The Aboriginal and Torres Strait Islander Social Justice Commissioner June Oscar AO and the Race Discrimination Commissioner Chin Tan have welcomed today’s release of the Reconciliation Barometer.
The survey conducted every two years since 2008, measures the progress of reconciliation between Aboriginal and Torres Strait Islander people and non-Indigenous Australians. Among the key findings;
• 79% agree that Aboriginal and Torres Strait Islander cultures are important to Australia’s national identity
• 95% believe that it is important for Aboriginal and Torres Strait Islander people to have a say in matters that affect them
• 80% believe it is important to undertake formal truth telling processes, in relation to Australia’s shared history.
Commissioner Oscar said the results are encouraging, particularly the levels of support for truth telling, healing and self-determination.
“We can deal with the hard truths and history of this country. And it’s critical that we do so, if there’s to be any healing process.
“I’m pleased to see that the majority of Australians agree that we must be making the decisions that determine our futures and that more needs to be done to close the gap,” Commissioner Oscar said.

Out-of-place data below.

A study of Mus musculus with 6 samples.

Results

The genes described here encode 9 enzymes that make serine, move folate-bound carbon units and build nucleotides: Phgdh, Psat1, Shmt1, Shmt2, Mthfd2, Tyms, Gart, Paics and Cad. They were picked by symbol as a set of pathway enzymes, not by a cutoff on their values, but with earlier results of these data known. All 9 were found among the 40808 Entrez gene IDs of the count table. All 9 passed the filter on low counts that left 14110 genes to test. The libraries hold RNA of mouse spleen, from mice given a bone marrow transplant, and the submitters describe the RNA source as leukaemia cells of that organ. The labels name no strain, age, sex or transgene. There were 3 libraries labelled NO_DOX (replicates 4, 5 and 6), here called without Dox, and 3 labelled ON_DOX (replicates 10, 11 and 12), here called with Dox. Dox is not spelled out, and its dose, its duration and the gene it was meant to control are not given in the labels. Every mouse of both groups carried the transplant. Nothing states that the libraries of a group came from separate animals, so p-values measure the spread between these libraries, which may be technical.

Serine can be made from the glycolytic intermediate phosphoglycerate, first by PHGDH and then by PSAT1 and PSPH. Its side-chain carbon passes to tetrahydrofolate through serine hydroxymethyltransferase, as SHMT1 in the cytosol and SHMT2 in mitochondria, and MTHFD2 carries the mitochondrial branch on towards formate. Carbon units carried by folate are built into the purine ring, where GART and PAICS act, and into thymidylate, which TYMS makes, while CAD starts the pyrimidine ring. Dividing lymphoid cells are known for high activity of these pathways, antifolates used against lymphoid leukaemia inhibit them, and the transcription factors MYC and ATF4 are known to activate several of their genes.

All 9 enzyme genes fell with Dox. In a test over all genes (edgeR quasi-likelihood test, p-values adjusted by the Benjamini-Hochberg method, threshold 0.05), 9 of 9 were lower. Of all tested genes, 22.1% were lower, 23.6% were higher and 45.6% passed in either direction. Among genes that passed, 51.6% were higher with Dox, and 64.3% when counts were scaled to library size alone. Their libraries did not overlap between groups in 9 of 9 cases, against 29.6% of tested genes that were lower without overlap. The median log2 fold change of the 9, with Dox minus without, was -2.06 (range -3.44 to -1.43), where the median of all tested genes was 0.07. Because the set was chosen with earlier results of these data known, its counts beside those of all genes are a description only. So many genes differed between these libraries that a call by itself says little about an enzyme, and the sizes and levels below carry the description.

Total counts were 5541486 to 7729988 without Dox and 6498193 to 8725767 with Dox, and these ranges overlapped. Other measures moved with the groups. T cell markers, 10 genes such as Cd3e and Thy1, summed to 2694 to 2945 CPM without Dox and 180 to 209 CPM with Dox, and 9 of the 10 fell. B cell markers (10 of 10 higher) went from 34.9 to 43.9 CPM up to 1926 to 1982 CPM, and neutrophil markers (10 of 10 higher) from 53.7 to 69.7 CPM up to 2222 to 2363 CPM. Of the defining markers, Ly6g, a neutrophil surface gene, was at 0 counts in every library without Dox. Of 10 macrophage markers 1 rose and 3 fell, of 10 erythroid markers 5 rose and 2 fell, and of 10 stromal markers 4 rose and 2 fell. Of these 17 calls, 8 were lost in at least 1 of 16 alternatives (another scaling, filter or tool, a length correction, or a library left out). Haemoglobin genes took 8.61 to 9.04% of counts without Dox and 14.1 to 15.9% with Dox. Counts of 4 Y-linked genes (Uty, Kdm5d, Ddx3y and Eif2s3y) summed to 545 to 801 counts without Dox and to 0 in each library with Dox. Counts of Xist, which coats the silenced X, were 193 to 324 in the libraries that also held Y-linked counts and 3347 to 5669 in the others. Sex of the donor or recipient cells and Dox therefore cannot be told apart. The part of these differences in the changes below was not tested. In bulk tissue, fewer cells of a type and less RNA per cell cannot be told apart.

The Race Discrimination Commissioner Chin Tan said he’s pleased to see that the vast majority of Australians believe it is possible to become united.
“74% of Aboriginal and Torres Strait Islander people and 72% of the general community believe it’s possible. The survey also found that more Australians would like to do something to improve reconciliation,” Commissioner Tan said.
Disturbingly, the Reconciliation Australia Barometer found that that experiences of racial prejudice have remained steady.
43% of Indigenous Australians experienced at least one form of racial prejudice in the last six months, while 1 in 3 Aboriginal and Torres Strait Islander people experienced at least one form of verbal racial abuse.
Commissioner Chin Tan said the figures were disappointing.
“This report is evidence that we have a lot of work to do. Racism in any form is unacceptable and we must continue to strive for an Australia where people are not treated differently because of the colour of their skin.
“This year, I’m looking forward to travelling and working with my colleague June Oscar AO, to raise awareness about the Racial Discrimination Act and to combat racism at every turn,” Commissioner Tan said.
Commissioner Oscar said she was also disappointed but not surprised by the figures.
“I have consistently been hearing about the experiences of racism and discrimination in my conversations with women and girls for the Wiyi Yani U Thangani (Women’s Voices) project.
“Their voices and their experiences must be heard. We must confront this issue if we are to move forward as a country, Commissioner Oscar said.